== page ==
How often have you felt there wasn't enough time in the day?
If only you had more time, you could get more work done. You could dedicate more time to the people you love. You could even spend more time nurturing yourself. Choosing how we spend our time is a privilege that many take for granted. If, in order to survive, we had to dedicate half of our day to undertaking a dangerous walk for water, how we use our time would no longer be a matter of choice. The biggest cost of not having access to safe water in Madagascar is losing time, and the most affected group, unsurprisingly, is women.
One year ago, I met Raoly, Véronique, Miora and Vero in a small village called Tsarafangitra. I came together with this group of incredible women in Raoly's home, where we spoke about all the household chores that we liked the least (the most detested being unanimous — laundry). We talked about our worries and about our hopes for the future. Their wishes were simple and clear: they only wanted health for their children and for themselves, and the opportunity for their children to get an education and work towards their own dreams for the future.
Every day they must walk to a water source located about 1.5 kilometres from their home. It sits at the bottom of a steep hill that they climb twice daily to meet their family's basic needs. It is a contaminated water source that can make these women and their children fatally ill. It was here that I watched a seven-month pregnant Raoly struggle to fill and hoist a 20-pound bucket over her head and walk breathlessly back to her home. I watched as Raoly poured the water for her two young boys to drink and later filled her own cup to quench her thirst from the journey.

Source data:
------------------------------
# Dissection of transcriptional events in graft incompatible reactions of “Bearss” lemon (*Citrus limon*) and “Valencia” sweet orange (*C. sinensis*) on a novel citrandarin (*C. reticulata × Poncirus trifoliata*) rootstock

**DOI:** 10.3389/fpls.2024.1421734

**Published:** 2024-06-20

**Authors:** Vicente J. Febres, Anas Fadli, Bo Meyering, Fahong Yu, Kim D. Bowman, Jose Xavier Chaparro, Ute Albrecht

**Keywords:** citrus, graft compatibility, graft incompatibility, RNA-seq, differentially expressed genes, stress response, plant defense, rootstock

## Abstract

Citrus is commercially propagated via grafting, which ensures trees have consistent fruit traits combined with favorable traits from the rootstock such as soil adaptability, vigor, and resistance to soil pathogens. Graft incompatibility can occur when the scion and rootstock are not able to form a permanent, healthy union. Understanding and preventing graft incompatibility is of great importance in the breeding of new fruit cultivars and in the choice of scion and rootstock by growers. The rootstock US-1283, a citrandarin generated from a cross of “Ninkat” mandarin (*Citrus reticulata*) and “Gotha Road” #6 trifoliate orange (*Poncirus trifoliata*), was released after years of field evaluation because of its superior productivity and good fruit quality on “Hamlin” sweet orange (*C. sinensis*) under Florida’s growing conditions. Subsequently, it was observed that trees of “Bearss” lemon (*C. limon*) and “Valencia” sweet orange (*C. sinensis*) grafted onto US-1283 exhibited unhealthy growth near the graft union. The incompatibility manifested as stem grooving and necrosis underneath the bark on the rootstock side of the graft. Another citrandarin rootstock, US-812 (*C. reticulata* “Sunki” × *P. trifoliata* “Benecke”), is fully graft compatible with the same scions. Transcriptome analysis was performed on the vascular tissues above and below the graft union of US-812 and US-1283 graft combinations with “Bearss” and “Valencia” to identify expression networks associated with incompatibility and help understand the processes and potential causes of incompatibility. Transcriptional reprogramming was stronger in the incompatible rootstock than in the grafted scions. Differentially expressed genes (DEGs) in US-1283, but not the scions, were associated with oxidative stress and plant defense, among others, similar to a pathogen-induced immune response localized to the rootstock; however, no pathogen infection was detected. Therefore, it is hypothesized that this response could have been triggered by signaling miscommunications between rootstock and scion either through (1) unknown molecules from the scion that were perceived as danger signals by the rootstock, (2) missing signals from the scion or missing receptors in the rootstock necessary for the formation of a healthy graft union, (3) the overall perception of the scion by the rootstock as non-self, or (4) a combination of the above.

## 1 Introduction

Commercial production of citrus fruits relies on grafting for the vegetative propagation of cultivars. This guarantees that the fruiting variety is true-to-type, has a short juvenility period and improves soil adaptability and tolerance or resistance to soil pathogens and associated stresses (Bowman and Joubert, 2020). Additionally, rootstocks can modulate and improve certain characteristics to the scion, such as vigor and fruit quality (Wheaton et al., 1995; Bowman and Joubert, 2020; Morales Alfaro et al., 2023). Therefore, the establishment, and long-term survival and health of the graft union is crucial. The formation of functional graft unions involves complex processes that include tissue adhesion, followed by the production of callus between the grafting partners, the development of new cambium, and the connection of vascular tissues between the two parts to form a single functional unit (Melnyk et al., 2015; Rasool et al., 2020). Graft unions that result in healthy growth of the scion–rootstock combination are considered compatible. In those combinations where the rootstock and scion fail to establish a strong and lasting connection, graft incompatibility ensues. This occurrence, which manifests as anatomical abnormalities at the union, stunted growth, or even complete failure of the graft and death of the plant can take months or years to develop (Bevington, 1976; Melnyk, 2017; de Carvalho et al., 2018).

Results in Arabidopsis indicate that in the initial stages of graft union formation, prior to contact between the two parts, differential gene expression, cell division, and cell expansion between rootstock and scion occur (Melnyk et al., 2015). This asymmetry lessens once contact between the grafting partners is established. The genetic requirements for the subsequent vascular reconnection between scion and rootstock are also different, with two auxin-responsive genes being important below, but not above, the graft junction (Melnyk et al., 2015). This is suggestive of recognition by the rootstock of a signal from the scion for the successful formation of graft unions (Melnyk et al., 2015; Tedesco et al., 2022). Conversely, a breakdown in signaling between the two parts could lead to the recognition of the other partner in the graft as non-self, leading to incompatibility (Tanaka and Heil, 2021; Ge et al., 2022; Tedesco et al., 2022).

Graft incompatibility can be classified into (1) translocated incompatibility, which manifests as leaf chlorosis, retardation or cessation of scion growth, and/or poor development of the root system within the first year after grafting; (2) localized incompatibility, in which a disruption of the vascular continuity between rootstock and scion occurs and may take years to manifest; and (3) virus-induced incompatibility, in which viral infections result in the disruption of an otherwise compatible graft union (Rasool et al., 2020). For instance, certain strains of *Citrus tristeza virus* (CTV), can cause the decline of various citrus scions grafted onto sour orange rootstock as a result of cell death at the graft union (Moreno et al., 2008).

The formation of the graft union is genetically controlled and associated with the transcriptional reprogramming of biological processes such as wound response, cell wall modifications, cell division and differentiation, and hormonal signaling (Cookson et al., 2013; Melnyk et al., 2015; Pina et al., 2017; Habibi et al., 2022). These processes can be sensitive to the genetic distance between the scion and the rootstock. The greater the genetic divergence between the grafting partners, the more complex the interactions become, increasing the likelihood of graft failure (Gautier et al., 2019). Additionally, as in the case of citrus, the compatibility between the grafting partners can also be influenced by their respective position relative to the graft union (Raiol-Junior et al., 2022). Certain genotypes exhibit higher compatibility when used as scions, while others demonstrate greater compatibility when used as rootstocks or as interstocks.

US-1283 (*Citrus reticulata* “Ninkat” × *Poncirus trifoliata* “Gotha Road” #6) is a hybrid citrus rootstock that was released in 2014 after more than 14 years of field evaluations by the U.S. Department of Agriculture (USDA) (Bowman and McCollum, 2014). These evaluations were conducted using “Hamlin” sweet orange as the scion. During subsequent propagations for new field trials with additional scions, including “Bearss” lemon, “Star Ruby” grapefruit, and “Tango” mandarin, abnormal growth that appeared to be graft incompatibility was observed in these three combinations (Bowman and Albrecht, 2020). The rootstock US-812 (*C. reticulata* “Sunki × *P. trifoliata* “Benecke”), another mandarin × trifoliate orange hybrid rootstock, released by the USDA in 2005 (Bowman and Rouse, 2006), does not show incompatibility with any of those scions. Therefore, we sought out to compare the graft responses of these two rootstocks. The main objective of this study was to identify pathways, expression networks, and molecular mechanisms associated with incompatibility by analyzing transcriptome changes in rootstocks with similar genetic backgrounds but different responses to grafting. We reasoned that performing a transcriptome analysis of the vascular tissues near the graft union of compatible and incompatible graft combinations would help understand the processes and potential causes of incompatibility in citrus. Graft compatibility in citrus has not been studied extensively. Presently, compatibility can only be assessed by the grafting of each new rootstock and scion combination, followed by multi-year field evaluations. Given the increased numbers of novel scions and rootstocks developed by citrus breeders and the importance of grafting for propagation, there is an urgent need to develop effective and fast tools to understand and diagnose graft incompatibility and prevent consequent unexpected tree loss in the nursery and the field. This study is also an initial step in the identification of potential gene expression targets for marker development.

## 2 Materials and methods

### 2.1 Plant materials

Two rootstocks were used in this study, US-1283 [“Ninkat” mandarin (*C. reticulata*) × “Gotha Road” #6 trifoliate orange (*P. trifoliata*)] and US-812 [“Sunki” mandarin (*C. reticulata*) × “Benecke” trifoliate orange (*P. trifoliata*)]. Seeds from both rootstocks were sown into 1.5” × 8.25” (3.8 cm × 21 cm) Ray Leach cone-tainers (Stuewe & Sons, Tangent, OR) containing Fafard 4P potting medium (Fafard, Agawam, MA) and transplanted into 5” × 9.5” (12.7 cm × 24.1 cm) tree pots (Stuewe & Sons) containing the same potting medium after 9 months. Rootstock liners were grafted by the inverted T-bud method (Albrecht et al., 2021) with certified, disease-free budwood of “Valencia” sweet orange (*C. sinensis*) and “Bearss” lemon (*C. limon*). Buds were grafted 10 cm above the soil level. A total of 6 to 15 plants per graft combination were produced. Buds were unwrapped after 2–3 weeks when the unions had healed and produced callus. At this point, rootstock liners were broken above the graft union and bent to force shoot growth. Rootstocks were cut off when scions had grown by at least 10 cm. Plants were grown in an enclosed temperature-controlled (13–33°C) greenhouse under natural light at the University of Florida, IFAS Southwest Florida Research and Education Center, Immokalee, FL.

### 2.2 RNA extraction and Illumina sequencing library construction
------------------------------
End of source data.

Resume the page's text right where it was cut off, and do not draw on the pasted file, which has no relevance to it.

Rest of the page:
Since they were young girls, these four women, and millions like them, have spent countless hours walking for water. This task has stopped them from getting an education. Raoly's boys can read, write, do math. Raoly cannot even write her own name.
The time they spend walking for water keeps them from earning an income, spending time with their families, taking care of themselves. The time they lose when they are sick from this water can have consequences that affect their entire families when they cannot fulfill their household duties.
There are not enough hours in a day to do it all.
In December 2016, Natasha was born. A girl.
Being born female in a developing country has a different meaning. For many, it means following your dreams until you are 12, and then supporting the dreams of your brothers; 24 per cent of girls in Africa do not finish primary school (compared to 20 per cent of boys). Being a girl means being the primary caregiver to your siblings, your parents and eventually your own children, and putting necessity before aspiration
Natasha's life will be different. She, and every girl born into this community going forward, will be the first generation to never know the burden or dangers of sourcing, carrying and drinking unsafe water. Natasha will start her life as an equal to her brothers. She will be able to attend school regularly, increasing her chances of finishing school by 15 per cent. She will have time to pursue her own dreams.
Almost exactly one year later, I was reunited with Raoly, Véronique, Miroa and Vero, just one week after seven brand new taps we turned on to service the 508 people living in Tsarafangitra. A week is not a lot of time to see a lifetime of change, but there was a lightness of step and a look of respite that I did not recognize in them a year before. It was as though you could see the burden had been lifted when something so basic was now available just outside their door.
Access to clean water is a first step in changing the future for women in Madagascar and around the world. Access to this basic resource is fundamental in the progress of equality for women and girls.
The world water crisis is one of the truly solvable global issues of our time, and we have the opportunity to change the future of every girl born into developing communities around the world. Natasha represents millions of girls around the world just like her, who when provided the opportunity, will be the change the world needs to ensure no human being is ever overlooked.
When we give girls time to make a difference, everything is possible.
Darlene Paguandas is an Event Manager for Aveda Canada. Aveda Canada and Collega International have supported WaterAid for over ten years and raised over $4 million as part of their annual Earth Month campaign.